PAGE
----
Timur Kuran, Princeton and Oxford: Princeton University Press, 2004. 194 pages.
In this brilliant contribution, Timur Kuran weaves six chapters into a sound critique of the assumptions and practices of Islamic economics. In essence, he attacks the very foundation of Islamic economics, the prohibition of interest, and then extends his critique to whether Islam’s traditional redistributive instruments in achieving contemporary economic goal is feasible. The author’s intention is not simply to critique Islamic economics, but to bring the ideas espoused by the discipline into the realm of mainstream social sciences and encourage serious scholarly consideration. The first two chapters summarize the basic tenets of Islamic economics while grounding the discipline in two central claims: that existing economic systems have failed and that Islamic history proves the Islamic system’s superiority over others. Kuran dismisses the latter by revealing that modern economic problems had historical counterparts, that many concepts and methods utilized by Islamic economists originated outside the Islamic world, and that applying ancient solutions to present problems is an inadequate approach.
Islamic economics’ material expression has been confined to Islamic banking, for which prohibiting interest is the sine qua non, and redistribution efforts. Profit and loss sharing techniques, namely, mudarabah and musharakah, have been derived from classical Islamic jurisprudence in order to avoid interest. These terms refer to practices whereby an individual entrusts an entrepreneur or an investor with an amount of capital that will yield a specified return. Kuran attacks these practices, asserting that they remain mechanisms for charging interest on the grounds that since modern banking is based on profit and loss sharing, these classical methods simply allow bankers to avoid using the term interest.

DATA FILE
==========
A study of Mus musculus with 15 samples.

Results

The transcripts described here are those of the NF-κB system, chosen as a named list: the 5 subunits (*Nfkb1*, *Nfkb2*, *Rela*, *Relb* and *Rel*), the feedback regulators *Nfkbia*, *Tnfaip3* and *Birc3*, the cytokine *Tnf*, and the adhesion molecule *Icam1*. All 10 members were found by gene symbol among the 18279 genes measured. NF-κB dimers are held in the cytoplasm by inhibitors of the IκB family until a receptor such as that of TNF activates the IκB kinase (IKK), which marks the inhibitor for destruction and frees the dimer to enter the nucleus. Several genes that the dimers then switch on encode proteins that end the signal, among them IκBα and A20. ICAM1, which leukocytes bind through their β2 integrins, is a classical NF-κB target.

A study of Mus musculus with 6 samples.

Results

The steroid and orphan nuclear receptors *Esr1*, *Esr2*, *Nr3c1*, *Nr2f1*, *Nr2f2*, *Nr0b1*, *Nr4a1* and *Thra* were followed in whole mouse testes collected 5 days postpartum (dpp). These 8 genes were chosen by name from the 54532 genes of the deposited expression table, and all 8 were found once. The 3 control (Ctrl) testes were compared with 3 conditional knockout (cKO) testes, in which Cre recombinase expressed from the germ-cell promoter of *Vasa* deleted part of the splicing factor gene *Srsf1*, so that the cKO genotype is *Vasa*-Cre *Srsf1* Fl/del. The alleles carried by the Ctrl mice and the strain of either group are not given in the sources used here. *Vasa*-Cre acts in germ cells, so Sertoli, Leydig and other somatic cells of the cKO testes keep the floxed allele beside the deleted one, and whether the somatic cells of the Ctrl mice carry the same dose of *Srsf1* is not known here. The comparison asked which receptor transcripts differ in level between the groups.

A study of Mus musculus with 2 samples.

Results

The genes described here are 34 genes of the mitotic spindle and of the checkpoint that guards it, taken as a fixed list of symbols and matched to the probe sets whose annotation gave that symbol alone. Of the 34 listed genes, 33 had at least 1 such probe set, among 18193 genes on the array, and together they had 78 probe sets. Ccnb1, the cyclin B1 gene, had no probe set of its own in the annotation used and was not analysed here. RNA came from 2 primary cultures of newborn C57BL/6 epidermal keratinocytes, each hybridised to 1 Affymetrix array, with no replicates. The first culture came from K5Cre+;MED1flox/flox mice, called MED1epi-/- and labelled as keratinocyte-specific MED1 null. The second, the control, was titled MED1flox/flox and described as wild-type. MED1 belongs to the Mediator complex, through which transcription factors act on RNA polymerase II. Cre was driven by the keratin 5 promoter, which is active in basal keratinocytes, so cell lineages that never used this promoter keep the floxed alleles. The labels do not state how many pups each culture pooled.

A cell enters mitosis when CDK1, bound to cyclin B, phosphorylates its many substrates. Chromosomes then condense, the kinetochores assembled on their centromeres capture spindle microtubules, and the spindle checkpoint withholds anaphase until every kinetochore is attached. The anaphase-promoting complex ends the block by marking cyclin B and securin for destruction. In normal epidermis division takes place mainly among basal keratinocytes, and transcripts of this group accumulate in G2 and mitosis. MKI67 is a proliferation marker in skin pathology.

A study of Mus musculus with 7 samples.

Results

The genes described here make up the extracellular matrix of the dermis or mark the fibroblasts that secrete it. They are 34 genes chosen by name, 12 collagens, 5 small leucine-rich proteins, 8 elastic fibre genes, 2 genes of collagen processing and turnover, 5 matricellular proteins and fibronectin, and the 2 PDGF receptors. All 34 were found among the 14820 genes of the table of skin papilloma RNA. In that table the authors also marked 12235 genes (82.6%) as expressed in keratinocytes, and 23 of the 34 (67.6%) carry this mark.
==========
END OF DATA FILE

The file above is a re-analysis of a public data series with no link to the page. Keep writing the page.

Turning his attention to redistribution, Kuran presents zakat (obligatory charity) as the major mechanism for redistributing wealth. This is criticized on the basis that it does not address modern economic problems in a useful way and that it has not alleviated poverty where it has been implemented. In chapter 2, the author expands this critique by arguing that the Qu’ran does not necessarily forbid interest, but instead forbids riba, the pre-Islamic practice of doubling the debt of a borrower unable to make scheduled restitution. Kuran supports his argument with reference to various debates between Islamic scholars over riba and the prohibition of interest, concluding that the prohibition is far more complex than the arguments presented by Muslim economists.
Chapters 3 and 4 concentrate on the social aspects of Islamic economics. Kuran discusses Islamic economics and its relationship with Islamist political identity from both a contemporary and a historical perspective. In Chapter 3, he proposes policy responses to counteract the Islamists’ gains in the economic arena. Later, he focuses on Islamist writings concerning the relationship between economics and political identity, particularly in India, where the theory of Islamic economics was first developed. Drawing on the work of Sayyid Abul-Ala Mawdudi (1903-79), he locates the discipline’s emergence within a period marked by the Muslims’ preoccupation with self-identification. This concern with self-identity gave rise to an economic ideal that stressed the “Islamization” of Muslim economic life.